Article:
I know I’m in a privileged position, but it’s hard to feel like I don’t fit into the Wonder Woman template.

I am tired of feeling shame for financially relying on my partner
[Photo: NeONBRAND/Unsplash; NeONBRAND/Unsplash]


As a self-proclaimed feminist who’s dedicated her career to writing about women’s issues, I sometimes worry that perhaps I’m not practicing what I preach. The older women in my life also worry about me, as they frequently and unabashedly express. They’re concerned I’ll fall down the slippery slope of comfort and end up trapped in a problematic situation of dependence, similar to their own. 

The shame is exacerbated when I see my peers thriving and making big money at law firms or hotshot public service jobs. At least once a month, like every single independent professional I know, I wonder if I should stop kidding myself and just get a “normal job,” for the love of god. 

To be clear, I know I’m in a privileged situation, and in writing this, I am afraid of sounding like my diamond shoes are too tight. I know very few people can say they can comfortably pursue their life’s dreams thanks to their partner’s financial support. I also know my privilege is exacerbated by not having children and the prestigious education I could fall back on if I wanted to. 

Yet, recognizing my privilege doesn’t drown out the shame. 

I’ve reflected extensively on the causes behind my mortification. Undoubtedly, the main reason is the patriarchal, capitalist belief that our worth is only as large as the number on our paychecks. For ages, we’ve been socialized to believe that our contributions to humanity can only be measured monetarily. No wonder I find myself comparing my husband’s income to my own. Never mind the fact that he’s nine years my senior or a high-level professional in a lucrative industry. When I’m spiraling, all I see is a number that dictates my lovability. 


Frankly, I also dwell on the judgments that come from within feminist circles. I’ve come across many power feminists who believe women can only find liberation in the hallways of corporations or hierarchy-obsessed institutions. According to this narrow, predominantly white, Girl Boss version of feminism, relentless hustling and meaty paychecks are the premiere paths to equality. Those who cannot or will not replicate these individualistic models of success are judged for not having what it takes to get to “the top.” These so-called feminists wouldn’t dare question our financial dependency on corporate America, but are more than ready to repudiate it when it shows up in romantic partnerships. 

As women, we are so socialized to give, sacrifice, and serve others, that it feels wrong or reckless even, to receive.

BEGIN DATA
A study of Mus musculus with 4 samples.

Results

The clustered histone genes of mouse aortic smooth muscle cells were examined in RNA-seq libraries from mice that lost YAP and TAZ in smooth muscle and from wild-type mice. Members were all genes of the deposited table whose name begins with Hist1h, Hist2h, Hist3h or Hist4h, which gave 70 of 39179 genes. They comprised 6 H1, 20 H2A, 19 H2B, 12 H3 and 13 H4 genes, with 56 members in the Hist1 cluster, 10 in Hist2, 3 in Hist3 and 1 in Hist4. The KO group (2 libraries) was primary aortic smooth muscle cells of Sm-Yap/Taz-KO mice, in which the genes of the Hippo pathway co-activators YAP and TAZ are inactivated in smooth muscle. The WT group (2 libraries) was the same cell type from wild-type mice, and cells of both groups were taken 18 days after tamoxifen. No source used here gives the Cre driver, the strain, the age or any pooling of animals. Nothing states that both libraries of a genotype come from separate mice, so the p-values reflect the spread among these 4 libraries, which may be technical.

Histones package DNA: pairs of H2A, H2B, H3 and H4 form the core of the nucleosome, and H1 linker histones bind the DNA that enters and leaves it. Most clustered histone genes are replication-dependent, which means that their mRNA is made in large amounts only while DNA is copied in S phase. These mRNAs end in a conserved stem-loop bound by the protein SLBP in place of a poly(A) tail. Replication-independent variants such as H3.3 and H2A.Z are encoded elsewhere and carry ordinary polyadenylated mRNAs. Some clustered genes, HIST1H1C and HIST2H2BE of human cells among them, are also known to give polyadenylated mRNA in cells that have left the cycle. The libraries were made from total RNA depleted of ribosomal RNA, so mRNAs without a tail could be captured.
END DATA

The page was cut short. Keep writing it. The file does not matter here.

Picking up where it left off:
Moreover, we’re socialized to feel shame about everything. Inadequacy seems to be a common side effect of living in a patriarchal society, no matter how you choose to live your life. Though I feel shame about not taking on enough expenses, it wouldn’t be hard to find a woman who pays for everything but feels shame about not spending enough time with her family or not having a male partner who fulfills the provider’s role. Working mother shame, for example, which is also produced by not living up to insane expectations, is an enduring matter for too many women. The truth is shame will remain ever-present as long as we continue to measure ourselves with arbitrary standards of sufficiency. 

I wish there were more transparency about the many possible paths toward success. I’m sure it would be easier to joyfully receive support from my partner if we normalized this as something other independent professionals happily do to get to where they are. But in our eternally individualistic society, help is still portrayed as a sign of weakness. And when women are on the receiving end of it, it’s still depicted as an emblem of failure. 

Inadequacy seems to be a common side effect of living in a patriarchal society, no matter how you choose to live your life.

I don’t know if and when I’ll find myself in a different situation. But dwelling on the reasons behind my discomfort has provided a much-needed reminder that I’m not inadequate or failing at life, as it so often seems. I’m still figuring out how to grapple with these feelings, and some days are better than others because shame is a stubborn emotion. It’s also a feeling that easily takes root when it’s not discussed, and in writing this, I hope to ignite a conversation and provide a sense of relief for myself and others who’ve felt alone or insufficient when living outside of the wildly unreasonable Wonder Woman template. 


Salomé Gómez-Upegui is a Colombian-American writer based in Miami, FL. Her work focuses mainly on feminism and social justice. Find her on Twitter as @SalomeGomezU.